Manipulation and control is the name of the game on nurse Rached’s ward. The mental patients are subjected to her cunning rule and domination. It’s a system, it’s a game, and it’s a well-oiled machine that works flawlessly. Flawlessly, that is, until “Mac” (Randle Patrick McMurphy) comes to the ward. From there on out, it’s a show down. I felt the tension of the power struggle all throughout the book, I could sense the stress in my body as McMurphy. It’s an easy plot to follow: the conflict of man versus machine.
It did take me a bit, however, to warm to the novel. In the first several chapters, I felt the author, Ken Kesey, belabored his description of the control mechanisms of the mental institution a too much. It felt, at times, like he was using the novel form as a sort of soap box for railing against the system. Then, about 1/4 of the way through the novel, Kesey begins to beautifully narrate a story, and from there I was hooked. His character development is superb. It is easy to fall in love with the characters, particularly Chief Bromden, the character’s voice through whom the novel is narrated.
A dynamic brotherhood develops between the patients, as they rally around McMurphy. Mac, as they call him, is something of a Messianic, Jesus figure, who brings salvation and deliverance to the patients, but at great personal cost.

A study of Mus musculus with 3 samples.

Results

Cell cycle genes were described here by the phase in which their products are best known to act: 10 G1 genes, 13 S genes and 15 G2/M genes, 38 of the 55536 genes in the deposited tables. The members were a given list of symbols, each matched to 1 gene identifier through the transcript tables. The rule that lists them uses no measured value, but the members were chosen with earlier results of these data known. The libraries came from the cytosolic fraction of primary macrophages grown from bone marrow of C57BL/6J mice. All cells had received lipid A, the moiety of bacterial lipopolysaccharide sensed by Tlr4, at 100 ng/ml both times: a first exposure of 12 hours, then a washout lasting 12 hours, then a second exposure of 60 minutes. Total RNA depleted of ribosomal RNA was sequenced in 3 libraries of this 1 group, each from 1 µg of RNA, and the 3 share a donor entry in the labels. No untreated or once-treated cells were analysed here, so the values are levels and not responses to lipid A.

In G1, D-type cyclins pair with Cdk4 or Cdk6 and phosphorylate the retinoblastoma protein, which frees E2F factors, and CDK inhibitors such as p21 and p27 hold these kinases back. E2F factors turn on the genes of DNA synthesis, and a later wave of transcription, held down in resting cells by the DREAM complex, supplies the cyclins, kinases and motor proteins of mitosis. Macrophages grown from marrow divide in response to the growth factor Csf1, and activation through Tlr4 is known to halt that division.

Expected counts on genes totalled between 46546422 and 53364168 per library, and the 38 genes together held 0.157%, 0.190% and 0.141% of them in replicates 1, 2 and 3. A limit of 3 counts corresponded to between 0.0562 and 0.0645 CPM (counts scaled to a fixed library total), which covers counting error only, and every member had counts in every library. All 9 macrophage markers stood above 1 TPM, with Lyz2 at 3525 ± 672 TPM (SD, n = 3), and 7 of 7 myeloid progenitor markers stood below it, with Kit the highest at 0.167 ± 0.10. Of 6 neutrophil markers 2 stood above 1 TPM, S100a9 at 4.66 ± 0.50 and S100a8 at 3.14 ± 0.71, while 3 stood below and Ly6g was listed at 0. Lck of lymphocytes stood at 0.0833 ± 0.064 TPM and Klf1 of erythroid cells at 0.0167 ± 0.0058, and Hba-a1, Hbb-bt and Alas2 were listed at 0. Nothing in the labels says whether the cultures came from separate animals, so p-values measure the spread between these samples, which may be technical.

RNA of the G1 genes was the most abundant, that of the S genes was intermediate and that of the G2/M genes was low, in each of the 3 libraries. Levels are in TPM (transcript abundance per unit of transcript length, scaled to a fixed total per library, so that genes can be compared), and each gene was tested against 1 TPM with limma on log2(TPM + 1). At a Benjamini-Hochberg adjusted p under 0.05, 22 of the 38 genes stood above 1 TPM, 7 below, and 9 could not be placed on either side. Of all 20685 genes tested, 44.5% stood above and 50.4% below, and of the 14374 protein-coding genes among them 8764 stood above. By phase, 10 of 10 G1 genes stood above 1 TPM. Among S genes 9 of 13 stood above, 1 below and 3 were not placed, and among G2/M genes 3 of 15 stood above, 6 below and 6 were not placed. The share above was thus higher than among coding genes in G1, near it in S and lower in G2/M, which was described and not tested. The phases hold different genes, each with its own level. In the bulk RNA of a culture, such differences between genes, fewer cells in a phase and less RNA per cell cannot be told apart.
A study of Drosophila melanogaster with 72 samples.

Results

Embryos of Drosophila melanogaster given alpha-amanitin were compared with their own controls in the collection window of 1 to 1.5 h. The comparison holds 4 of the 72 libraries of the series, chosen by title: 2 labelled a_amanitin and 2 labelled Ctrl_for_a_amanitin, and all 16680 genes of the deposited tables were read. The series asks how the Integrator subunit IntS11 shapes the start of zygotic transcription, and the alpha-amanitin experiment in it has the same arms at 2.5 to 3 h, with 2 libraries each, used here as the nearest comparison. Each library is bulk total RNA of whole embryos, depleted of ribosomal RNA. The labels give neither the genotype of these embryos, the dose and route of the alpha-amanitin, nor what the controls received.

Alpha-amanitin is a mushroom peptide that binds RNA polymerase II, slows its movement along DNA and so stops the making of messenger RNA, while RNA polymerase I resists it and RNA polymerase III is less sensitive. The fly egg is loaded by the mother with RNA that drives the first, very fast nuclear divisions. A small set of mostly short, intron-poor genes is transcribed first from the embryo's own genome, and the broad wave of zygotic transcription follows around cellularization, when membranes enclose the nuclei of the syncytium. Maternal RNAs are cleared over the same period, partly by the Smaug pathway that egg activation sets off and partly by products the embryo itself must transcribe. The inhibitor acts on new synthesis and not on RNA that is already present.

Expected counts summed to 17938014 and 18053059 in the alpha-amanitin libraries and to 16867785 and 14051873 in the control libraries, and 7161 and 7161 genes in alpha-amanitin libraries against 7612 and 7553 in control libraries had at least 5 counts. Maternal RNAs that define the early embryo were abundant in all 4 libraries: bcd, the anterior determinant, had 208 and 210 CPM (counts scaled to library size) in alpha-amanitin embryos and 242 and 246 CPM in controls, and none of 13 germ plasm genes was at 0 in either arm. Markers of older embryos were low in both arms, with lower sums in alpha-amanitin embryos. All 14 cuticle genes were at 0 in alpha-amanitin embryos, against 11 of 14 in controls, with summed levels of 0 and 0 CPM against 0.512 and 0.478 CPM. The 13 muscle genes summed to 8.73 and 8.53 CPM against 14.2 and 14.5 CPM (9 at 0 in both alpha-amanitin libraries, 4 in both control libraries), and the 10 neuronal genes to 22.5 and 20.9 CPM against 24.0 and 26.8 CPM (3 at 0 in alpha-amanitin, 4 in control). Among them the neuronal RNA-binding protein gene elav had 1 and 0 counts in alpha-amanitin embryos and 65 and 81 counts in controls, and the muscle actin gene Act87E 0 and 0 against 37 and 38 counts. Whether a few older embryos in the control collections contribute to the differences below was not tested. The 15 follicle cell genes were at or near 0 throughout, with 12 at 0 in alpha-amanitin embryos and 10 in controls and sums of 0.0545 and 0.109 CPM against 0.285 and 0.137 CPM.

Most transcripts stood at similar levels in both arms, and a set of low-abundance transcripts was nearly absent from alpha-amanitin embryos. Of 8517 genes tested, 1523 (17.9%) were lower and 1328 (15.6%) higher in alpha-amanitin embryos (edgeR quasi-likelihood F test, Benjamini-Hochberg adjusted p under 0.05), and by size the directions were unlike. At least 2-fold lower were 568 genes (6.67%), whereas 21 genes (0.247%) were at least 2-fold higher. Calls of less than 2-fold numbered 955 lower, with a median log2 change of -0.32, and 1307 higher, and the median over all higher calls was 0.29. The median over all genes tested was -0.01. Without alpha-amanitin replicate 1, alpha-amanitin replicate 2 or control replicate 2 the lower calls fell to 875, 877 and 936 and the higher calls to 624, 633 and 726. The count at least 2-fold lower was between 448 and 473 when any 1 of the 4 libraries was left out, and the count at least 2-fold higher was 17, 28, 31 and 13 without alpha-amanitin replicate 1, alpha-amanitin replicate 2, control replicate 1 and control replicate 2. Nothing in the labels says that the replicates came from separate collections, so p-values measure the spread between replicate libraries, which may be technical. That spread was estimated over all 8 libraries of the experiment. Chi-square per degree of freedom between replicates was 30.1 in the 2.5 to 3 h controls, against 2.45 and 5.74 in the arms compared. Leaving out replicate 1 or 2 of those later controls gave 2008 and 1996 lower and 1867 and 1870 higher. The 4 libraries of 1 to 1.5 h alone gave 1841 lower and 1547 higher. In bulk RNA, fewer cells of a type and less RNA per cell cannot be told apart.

One important theme that attracts my attention is that of the voice. The mental ward patients, at the beginning of the novel, lack the ability to formulate and express their individuality. They are dulled and sedated, static and disengaged from life. Mac comes in and expresses himself fully. He is an individual. (He’s also, incidentally, not actually mentally ill!) He pushes the patients to find their own voices. Initially, they only find their voice through aligning themselves with Mac against Nurse Rached. Gradually, they develop their own voice.
By the end of the novel, Nurse Rached’s voice is actually physically taken away by Mac. Conversely, the Chief, who was presumed to be deaf, begins not only to speak but to formulate his own identity through his words. The Chief had found early in his life that it was easy for him to pass through life with people presuming he was deaf. Because people didn’t value his speech, it was easy to pretend as though he didn’t have a voice!
The question that arises for me is this: if you are within a system that denies your voice, how do you gain it back? For the characters in the novel, it is cunning resistance and even violent engagement. Perhaps this is true, in some instances, in closed systems where the powers-that-be have a monopoly on power and no accountability. Working within a system, however, that has some form of accountability, groups and individuals can appeal to others outside the system and gain sympathy. In either case, finding one’s voice seems most effective when the individuals become creative.
Ken Kesey’s book , in my opinion, is a masterpiece, and it is essential reading regarding American counter culture. He makes it clear within the novel itself that his description of the mental ward is meant to be taken as a commentary of society as a whole, that there is some sort of system of control, a combine, a mechanistic grind that forces uniformity onto individuals.
As individuals move away from being dominated, they enter into greater personal freedom. This is not necessarily a self-centered individualism. In fact, the patients on the ward develop a deeper brotherhood, the more free they become. Trapped within the system of domination, they mentally and spiritually check out from relationships. The communal spirit comes alive, as they slowly find their voices. Eventually, they break out of the institution, both actually and psychologically.